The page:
In the canyon, ghosts of ancient Indians grind dreaming acorns on timeless stone morteros, ghosts and grandsons of ghosts, the granddaughters of ghosts, pounding the yucca to fibers, stretched across the water, woven into baskets, sandals. The memory songs are sung, the fires built, the rain caught in the stone-carved cisterns, the soft invisible footfall past rattlesnakes.
She approached past the fading blossoms of the lilac, the green grass, now tall, no longer the surprising short lawn of early spring. From the beginning, her heart beat fast and cold. The dogs barked ahead of her, surprising a man sunbathing on a rock. They went ahead. The big snake was there, in front, stretched in the middle of the trail, his sand-red body warming, moving slowly beneath the feet of the running dog. “I will lie quietly beneath this foreign coyote.”
A quick inhalation. A scream. “Stay. Cody, Molly, come!”
The big dog danced over the head of the snake who looked up, hissed, and rattled a slumbrous, half-hearted rattle. The dog barked. The snake lifted its head, lulled out of its apathy.
She turned and ran, the dogs followed.
All over California, wherever there are oak groves (almost everywhere) and rocks (almost everywhere), a person can find morteros where the various Indian tribes ground acorns into meal. Mission Trails has two prominent sites. There are several in an area that’s been named “The Grasslands” where there is one large flat patch of gneiss or a gneiss flat patch of stone. There are more in the place I named the Indian Kitchen in Oak Canyon where there is a seasonal stream, only a few yards south of a large oak grove. The Indian Kitchen is along a small fissure. The morteros were dog water bowls. 🐾❤️
The first morteros I ever saw were on the way up to the Hale Telescope on Mt. Palomar. The juxtaposition of THAT with the grinding holes was a little mind-blowing.
The Indians who lived (live) in San Diego County in the “olden days” wandered from the sea to the desert, an annual migration for food and warmth. Their primary food source (acorns) grew all across their range. Their shelters and containers were made of willow branches. In my time working with Mission Trails Regional Park, I got to work with some of the leaders of the Kumeyyaay tribe to whom this land “belonged” before the Spanish. If you’re interested, here’s a good film.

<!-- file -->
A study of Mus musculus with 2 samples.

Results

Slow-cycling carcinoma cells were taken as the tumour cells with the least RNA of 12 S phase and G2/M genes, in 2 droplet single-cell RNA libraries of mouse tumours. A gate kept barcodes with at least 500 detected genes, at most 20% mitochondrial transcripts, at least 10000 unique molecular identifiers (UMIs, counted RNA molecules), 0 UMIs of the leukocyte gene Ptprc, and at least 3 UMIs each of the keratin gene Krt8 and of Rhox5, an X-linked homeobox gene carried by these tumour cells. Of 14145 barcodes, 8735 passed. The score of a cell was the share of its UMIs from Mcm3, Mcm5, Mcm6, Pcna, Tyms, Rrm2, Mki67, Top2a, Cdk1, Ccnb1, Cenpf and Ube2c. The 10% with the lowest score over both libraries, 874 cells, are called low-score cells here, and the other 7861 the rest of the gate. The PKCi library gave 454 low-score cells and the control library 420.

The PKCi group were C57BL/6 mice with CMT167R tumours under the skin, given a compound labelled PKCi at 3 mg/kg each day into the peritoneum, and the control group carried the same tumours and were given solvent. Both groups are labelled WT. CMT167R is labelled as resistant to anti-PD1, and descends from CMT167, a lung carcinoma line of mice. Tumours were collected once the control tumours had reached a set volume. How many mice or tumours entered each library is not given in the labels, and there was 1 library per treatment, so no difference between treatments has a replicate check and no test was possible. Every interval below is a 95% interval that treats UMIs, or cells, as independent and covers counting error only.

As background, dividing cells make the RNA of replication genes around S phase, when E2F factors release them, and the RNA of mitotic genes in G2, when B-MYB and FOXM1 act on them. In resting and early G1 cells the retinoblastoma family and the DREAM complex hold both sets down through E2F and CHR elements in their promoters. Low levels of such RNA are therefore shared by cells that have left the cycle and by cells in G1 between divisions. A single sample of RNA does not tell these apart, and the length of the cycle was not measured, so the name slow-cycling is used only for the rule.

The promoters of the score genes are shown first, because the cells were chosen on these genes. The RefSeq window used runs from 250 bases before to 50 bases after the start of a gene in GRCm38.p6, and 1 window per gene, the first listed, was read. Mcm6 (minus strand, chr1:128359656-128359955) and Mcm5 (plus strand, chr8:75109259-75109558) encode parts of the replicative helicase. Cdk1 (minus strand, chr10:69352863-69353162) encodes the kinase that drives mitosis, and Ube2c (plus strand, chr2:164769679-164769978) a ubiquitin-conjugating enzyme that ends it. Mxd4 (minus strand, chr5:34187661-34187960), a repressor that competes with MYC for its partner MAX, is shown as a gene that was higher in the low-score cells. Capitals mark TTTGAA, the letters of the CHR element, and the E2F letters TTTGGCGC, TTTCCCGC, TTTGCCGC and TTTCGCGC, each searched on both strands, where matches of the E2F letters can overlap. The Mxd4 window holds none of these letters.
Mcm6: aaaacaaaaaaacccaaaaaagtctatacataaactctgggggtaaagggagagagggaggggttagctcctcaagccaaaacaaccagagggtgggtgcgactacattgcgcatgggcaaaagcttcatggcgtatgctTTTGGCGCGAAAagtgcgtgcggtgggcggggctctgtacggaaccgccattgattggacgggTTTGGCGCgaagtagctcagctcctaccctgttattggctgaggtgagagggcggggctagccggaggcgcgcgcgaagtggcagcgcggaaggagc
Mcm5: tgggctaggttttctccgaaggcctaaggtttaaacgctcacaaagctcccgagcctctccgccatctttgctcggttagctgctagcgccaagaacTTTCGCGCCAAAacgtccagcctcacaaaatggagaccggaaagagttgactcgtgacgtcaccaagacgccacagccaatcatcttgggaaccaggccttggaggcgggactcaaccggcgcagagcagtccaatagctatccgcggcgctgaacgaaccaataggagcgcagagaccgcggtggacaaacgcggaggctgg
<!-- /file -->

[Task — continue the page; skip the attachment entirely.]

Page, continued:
The snake in this story didn’t strike. I think he was offering Cody a kind of Rattlesnake Avoidance Training. It didn’t work. I realize NOW that observing all these snakes was teaching me a little something, though.
It seems that when I wrote this Cody the First had come to live with us. He was a very good dog — German Shepherd and??? — but somehow I never fully bonded with him even though we did a lot of fun things together. I liked rollerblading on Fr. Junipero Serra Trail (two miles of paved road with little traffic) and Cody the First was a great companion for that. Thinking about it now, I think it’s because he became my dog shortly before my marriage broke up. He was supposed to have been the Good X’s dog, but…
I had him for only a couple of years. He died from something like 16 snake bites from baby rattlers. He was bizarrely attracted to rattlesnakes and ran into a nest. I now think he could smell them and the smell attracted him. The day he got bit, he was leashed, but pulled furiously away.
The snake in this story was a red diamondback taking a nap, maybe following lunch. They are beautiful and, as a fellow hiker and I agreed, they are very mellow. The snake in the Onward Christian Soldiers Story was also a red diamondback. Rattlesnakes are really NOT interested in putting their venom into something they can’t eat. That’s one thing that makes baby rattlers so dangerous. They don’t KNOW anything. Other rattlesnakes were not as “chill.” The Southern Pacific Diamondback Rattlesnake and the Speckled Rattlesnake are more venomous and more “aggressive” — or defensive?
Reading these stories — which are so rattlesnake centered — I wonder what I was trying to work out and whether I worked through whatever that was. In time, I more-or-less accepted them, but when I wrote this?
These are all stories from a folder I found in an old trunk. As I was busy shredding them, I stopped to read. This turned out to be something I didn’t want to shred. I’m sharing it here and I have also put the stories into a little book. The stories are from the very first years I lived with dogs and hiked on my own, with dogs, in the California Coastal Chaparral of San Diego. The stories are a kind of record of the beginning of the best things I’ve done in my life — hiking in nature with dogs. I wrote these stories in my late 30s.
8 thoughts on “XIV — Time’s Museum”
So great to look back at these and see where you were in life
Funny how it’s kind of puzzling to understand where I was. BUT I’m here now so all that must have been some kind of transportation.
Mesmerizing – to see you then and now… There must be some master plan that we are too close to the canvas to see.
I knew from the time I was 2 yrs old that I wanted a dog. I probably knew before but didn’t have words and stuff.
Southern Pacific Diamondbacks aren’t aggressive in any sense but they are more willing to fight if you disturb them which people interpret as “aggressive.”